In its previous five seasons in the NASCAR Sprint Cup Series, Michael Waltrip Racing won two races - both with the now-departed David Reutimann — but never has the team done what it did Sunday at Bristol Motor Speedway: Put three cars in the top five of a single race.
While Brad Keselowski and Matt Kenseth finished 1-2 in the Food City 500 at Bristol, the next three finishers were all MWR Toyotas, with Martin Truex Jr. third, Clint Bowyer fourth and, most improbably, Brian Vickers fifth in his first start with the team as Mark Martin’s sub in the No. 55 car.
How unforeseen was Vickers’ top-five finish? Well, on Sunday the former Red Bull driver led 125 of 500 laps around the 0.533-mile Bristol oval, a place where in 14 previous starts he had led a total of just one lap and never finished better than 12th. To finish fifth in his first of six races this year with MWR truly was a remarkable achievement.
“Well, when it’s your only (race) you better make it count, right?” Vickers said after the race. “But I can’t take any of the credit. Wow. Just proud to be a part of MWR, with three cars in the top five.”
It was quite a day for Vickers and the team.
Vickers qualified 25th, taking the lead from AJ Allmendinger on Lap 96 and leading all but 42 of the next 167 laps. Vickers was one of the last cars to pit during a long stretch of green-flag running in the middle of the race, falling back to 15th after he came in on Lap 263. Although he never got to the front again, he worked his way solidly through the field and engaged in a spirited duel with teammate Bowyer at the end, Bowyer ultimately taking over fourth place.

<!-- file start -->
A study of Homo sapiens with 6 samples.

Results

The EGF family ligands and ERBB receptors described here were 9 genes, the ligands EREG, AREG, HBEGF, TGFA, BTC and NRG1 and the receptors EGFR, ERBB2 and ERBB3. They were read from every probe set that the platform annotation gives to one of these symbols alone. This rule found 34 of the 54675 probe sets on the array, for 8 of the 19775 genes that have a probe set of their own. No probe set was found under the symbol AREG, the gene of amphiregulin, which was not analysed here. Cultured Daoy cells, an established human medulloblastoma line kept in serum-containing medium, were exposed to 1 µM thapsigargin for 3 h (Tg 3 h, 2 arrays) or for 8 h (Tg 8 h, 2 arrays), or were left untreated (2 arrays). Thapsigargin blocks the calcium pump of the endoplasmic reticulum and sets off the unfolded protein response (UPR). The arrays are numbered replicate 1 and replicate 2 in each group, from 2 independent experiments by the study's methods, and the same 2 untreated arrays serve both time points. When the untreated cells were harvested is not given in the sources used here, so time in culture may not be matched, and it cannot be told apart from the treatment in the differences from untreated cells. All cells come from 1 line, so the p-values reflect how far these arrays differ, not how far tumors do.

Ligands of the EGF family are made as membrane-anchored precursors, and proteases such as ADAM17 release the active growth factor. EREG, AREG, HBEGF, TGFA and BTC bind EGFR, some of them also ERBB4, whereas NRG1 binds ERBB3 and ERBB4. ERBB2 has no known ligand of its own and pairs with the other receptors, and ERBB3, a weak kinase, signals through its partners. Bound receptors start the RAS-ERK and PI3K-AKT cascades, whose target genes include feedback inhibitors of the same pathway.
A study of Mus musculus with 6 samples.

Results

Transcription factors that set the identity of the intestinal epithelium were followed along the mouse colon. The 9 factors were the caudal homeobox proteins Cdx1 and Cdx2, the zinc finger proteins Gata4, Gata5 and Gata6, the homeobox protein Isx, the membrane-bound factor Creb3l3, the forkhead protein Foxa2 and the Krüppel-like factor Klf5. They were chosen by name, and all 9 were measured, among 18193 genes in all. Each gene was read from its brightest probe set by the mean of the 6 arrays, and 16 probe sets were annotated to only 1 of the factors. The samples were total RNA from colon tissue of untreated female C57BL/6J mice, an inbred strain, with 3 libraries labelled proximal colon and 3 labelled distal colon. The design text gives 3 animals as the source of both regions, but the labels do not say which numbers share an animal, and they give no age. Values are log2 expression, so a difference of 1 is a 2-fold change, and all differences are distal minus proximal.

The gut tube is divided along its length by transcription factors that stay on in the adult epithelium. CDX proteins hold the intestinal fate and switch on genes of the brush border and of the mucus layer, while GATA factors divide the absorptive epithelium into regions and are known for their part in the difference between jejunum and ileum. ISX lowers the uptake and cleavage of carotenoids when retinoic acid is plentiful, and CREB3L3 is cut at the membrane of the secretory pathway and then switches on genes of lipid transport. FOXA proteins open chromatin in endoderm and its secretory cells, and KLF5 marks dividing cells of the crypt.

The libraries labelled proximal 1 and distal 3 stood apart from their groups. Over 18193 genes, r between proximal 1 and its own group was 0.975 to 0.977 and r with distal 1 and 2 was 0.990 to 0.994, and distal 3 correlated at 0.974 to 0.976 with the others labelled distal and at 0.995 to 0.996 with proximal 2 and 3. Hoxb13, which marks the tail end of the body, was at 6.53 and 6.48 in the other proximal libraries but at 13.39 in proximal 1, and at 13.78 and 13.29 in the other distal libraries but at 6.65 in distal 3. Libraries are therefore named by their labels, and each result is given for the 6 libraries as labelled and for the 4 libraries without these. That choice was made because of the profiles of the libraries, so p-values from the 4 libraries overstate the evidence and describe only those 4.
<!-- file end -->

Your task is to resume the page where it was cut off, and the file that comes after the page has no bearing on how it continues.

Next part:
It helped that crew chief Rodney Childers and Vickers go way back — literally.
“Rodney Childers bolted together my first go-cart 20 years ago,” said Vickers. “ ... And he just put together my last one. And what a heck of a job. Called a great race. Everybody did good.”
Truex was pleased, too, both with his own run and the team’s overall performance.
“Obviously it says a lot about the cars,” said Truex, who is now fourth in points. “I think everybody knows that Brian is a good driver, he's more than capable. He's won the Cup Series before, Nationwide championship. I think when his name came up to fill in for six races when Mark wasn't running and Michael wasn't running, I was all in favor of it. I knew what he would be capable of.”
Truex credited the resurgence of the team to co-owners Rob Kauffman and Waltrip, who reorganized the team last year and brought in a wealth of new talent, including Competition Director Scott Miller and Bowyer from Richard Childress Racing, as well as Bowyer’s crew chief, Brian Pattie, from Chip Ganassi’s stable.
“Michael and Rob really took a step back as an organization, you know, bringing in Scott Miller towards the end of last year, certainly a big key,” said Truex. “Really kind of restructuring how we did things. We started building some new cars. ... Really kind of started from scratch almost.”
The results are starting to show, according to Truex.
“We just got a good organization right now, a good bunch of people,” he said. “We got three cars that seem to go to the racetrack and run really well each week. We're able to feed off each other. We really showed that today all running up front at different parts of the day. All season our cars have been strong. Across the board it's been a lot of hard work and dedication by the team. In the end, all the people doing the jobs the best they can do and things have been working out for us.”
Tom Jensen is the Editor in Chief of SPEED.com, Senior NASCAR Editor at RACER and a contributing Editor for TruckSeries.com. You can follow him online at twitter.com/tomjensen100.